By Yasmina Tawil

By Sheila O’Malley

“I always feel it behind me. It’s myself. And I follow me. In silence. But I can hear it. Yes, sometimes it’s like I’m chasing myself. I want to escape from myself. But I can’t!” —Peter Lorre as child-murderer, M (1931)

There was a period in the ‘60s and ‘70s when you could barely call yourself a male movie star if you didn’t do a scene where you stared at yourself in the mirror, doing various “private” things. The device shows up before then, too, but the floodgates opened in the ‘60s and ‘70s. Meryl Streep has observed, “Often the scenes that are the most exciting, and most illuminating in film, are the ones with no dialogue…where a character is doing something alone, where the deepest most private self is revealed or explored. Exposed.”

 


By Yasmina Tawil

By Andrew Lapin

It was morning in Paris when news of Agnès Varda’s death reached the world. On a hunch, I left the apartment I shared with my girlfriend in the city’s 5th arrondissement and walked the 30 minutes, past the hordes of tourists cramming into the skull-stacked Paris Catacombs, to reach Rue Daguerre in the Montparnasse neighborhood, where Varda had lived since 1951.

This is where Varda and her husband, fellow French New Wave filmmaker Jacques Demy, had purchased a derelict pink storefront and turned it into the production house Tamaris Films, later renamed Ciné-Tamaris, so they could produce Varda’s first film La Pointe Courte in 1954. The pair moved into the tucked-away apartment/studio complex and quickly became fixtures of the neighborhood, spreading art, whimsy, and cats around their tiny world (although the building’s exterior remained in poor shape, with paint perpetually peeling and the roof leaking).


By Yasmina Tawil

By Keith Phipps

 


By Yasmina Tawil

By Vadim Rizov

I didn’t expect to spend Thanksgiving Weekend 2018 watching ten 3D movies: marathon viewing is not my favorite experience in general, and I haven’t spent years longing to see, say, Friday the 13th Part III, in 35mm. But a friend was visiting, from Toronto, to take advantage of this opportunity, an impressive level of dedication that seemed like something to emulate, and it’s not like I had anything better to do, so I tagged along. Said friend, Blake Williams, is an experimental filmmaker and 3D expert, a subject to which he’s devoted years of graduate research and the bulk of his movies (see Prototype if it comes to a city near you!); if I was going to choose the arbitrary age of 32 to finally take 3D seriously, I couldn’t have a better Virgil to explain what I was seeing on a technical level. My thanks to him (for getting me out there) and to the Quad Cinema for being my holiday weekend host; it was probably the best possible use of my time.

 


By Yasmina Tawil

By Vadim Rizov

It’s not fair to say that James Cameron ruined projection standards by pushing for a digital changeover—the industry impetus was already under way—but Avatar left less of an impression as a movie than as technological advocacy, resulting in unintended, still-lingering side effects. Cameron dreamed of 3D cinema arriving, finally, at what he viewed as its overdue narrative fruition; he couldn’t have imagined compromising projection standards or undermining film archiving in the process. This is a two-part essay: The first is a grim recap of the Third Wave of 3D, which has unfolded over the last decade. The second will advocate for a secret classic of 3D cinema at its inadvertently experimental peak.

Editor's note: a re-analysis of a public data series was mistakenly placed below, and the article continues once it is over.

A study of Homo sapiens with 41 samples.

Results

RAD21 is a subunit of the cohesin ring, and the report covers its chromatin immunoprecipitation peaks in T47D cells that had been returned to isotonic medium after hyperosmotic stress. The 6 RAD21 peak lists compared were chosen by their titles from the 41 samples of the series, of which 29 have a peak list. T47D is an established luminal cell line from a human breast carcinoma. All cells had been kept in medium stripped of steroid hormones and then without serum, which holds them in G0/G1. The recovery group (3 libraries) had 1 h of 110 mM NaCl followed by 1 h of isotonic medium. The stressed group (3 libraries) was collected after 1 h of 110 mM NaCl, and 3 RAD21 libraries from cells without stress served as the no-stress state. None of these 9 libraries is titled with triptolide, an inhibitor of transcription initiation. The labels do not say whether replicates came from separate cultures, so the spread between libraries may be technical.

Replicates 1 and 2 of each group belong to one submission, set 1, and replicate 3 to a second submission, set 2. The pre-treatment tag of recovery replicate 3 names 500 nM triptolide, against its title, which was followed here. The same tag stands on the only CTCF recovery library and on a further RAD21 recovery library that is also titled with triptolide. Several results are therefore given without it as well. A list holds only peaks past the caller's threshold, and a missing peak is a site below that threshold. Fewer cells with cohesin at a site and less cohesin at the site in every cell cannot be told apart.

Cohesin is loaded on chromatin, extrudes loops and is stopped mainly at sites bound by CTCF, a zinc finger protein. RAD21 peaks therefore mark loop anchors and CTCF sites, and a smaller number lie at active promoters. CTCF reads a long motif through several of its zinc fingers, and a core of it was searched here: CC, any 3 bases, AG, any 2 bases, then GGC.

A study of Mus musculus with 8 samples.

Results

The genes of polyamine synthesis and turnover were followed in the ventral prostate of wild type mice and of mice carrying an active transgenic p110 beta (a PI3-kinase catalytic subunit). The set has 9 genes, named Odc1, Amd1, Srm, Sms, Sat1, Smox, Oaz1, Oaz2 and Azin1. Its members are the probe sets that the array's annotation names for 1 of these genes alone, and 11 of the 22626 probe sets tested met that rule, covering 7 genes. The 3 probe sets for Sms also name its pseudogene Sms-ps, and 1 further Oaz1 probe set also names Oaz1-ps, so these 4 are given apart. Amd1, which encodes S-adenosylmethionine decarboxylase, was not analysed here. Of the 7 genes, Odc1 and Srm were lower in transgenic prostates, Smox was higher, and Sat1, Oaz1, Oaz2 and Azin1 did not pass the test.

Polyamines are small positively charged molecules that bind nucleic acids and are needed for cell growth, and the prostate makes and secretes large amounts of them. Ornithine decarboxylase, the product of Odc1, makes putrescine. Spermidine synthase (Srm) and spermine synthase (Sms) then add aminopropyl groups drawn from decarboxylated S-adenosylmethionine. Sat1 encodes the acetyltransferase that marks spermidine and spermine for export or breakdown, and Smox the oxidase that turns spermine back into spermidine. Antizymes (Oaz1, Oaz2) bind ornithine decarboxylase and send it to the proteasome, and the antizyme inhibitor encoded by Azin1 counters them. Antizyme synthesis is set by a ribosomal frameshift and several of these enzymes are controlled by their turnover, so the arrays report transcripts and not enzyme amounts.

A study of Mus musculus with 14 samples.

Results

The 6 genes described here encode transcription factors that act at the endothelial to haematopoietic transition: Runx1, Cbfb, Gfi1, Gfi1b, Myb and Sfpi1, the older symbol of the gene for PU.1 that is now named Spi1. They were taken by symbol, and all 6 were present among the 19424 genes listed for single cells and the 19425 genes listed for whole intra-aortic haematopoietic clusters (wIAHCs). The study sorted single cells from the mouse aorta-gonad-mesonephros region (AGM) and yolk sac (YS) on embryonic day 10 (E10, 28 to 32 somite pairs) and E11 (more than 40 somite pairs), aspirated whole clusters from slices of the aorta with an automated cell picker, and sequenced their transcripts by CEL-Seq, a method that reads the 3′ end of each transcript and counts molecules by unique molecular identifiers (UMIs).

By Yasmina Tawil

You don’t find it; it finds you, most likely in the dead of night.

You can’t sleep, you may or may not be on drugs (you don’t have to be, though it’d be a lot cooler, as they say, if you were), and you’re clicking around the weirder back channels of YouTube again. You pinball from ‘80s-era NASA test footage to “36 NEW SHOWS FROM THE HELLISH MID-SEASON TV OF 1979” to the deep catalog of VHS...


By Yasmina Tawil

 By Charles Bramesco
image

You don’t find it; it finds you, most likely in the dead of night.

You can’t sleep, you may or may not be on drugs (you don’t have to be, though it’d be a lot cooler, as they say, if you were), and you’re clicking around the weirder back channels of YouTube again. You pinball from ‘80s-era NASA test footage to “36 NEW SHOWS FROM THE HELLISH MID-SEASON TV OF 1979” to the deep catalog of VHS oddities discovered and uploaded by a dedicated corps of obsolescence fetishists. It’s here, among the creepy camcorder detritus and lost video-dating profiles, that “Electric Light Voyage” has been waiting for you.


By Yasmina Tawil

By Amy Nicholson
[Last year, Musings paid homage to Produced and Abandoned: The Best Films You’ve Never Seen, a review anthology from the National Society of Film Critics that championed studio orphans from the ‘70s and ‘80s. In the days before the Internet, young cinephiles like myself relied on reference books and anthologies to lead us to films we might not have discovered otherwise. Released in 1990, Produced and Abandoned was a foundational piece of work, introducing me to such wonders as Cutter’s Way, Lost in America, High Tide, Choose Me, Housekeeping, and Fat City. (You can find the full list of entries here.) Our first round of Produced and Abandoned essays included Angelica Jade Bastién on By the Sea, Mike D’Angelo on The Counselor, Judy Berman on Velvet Goldmine, and Keith Phipps on O.C. and Stiggs. Today, Musings concludes our month-long round of essays about tarnished gems, in the hope they’ll get a second look. Or, more likely, a first. —Scott Tobias, editor.]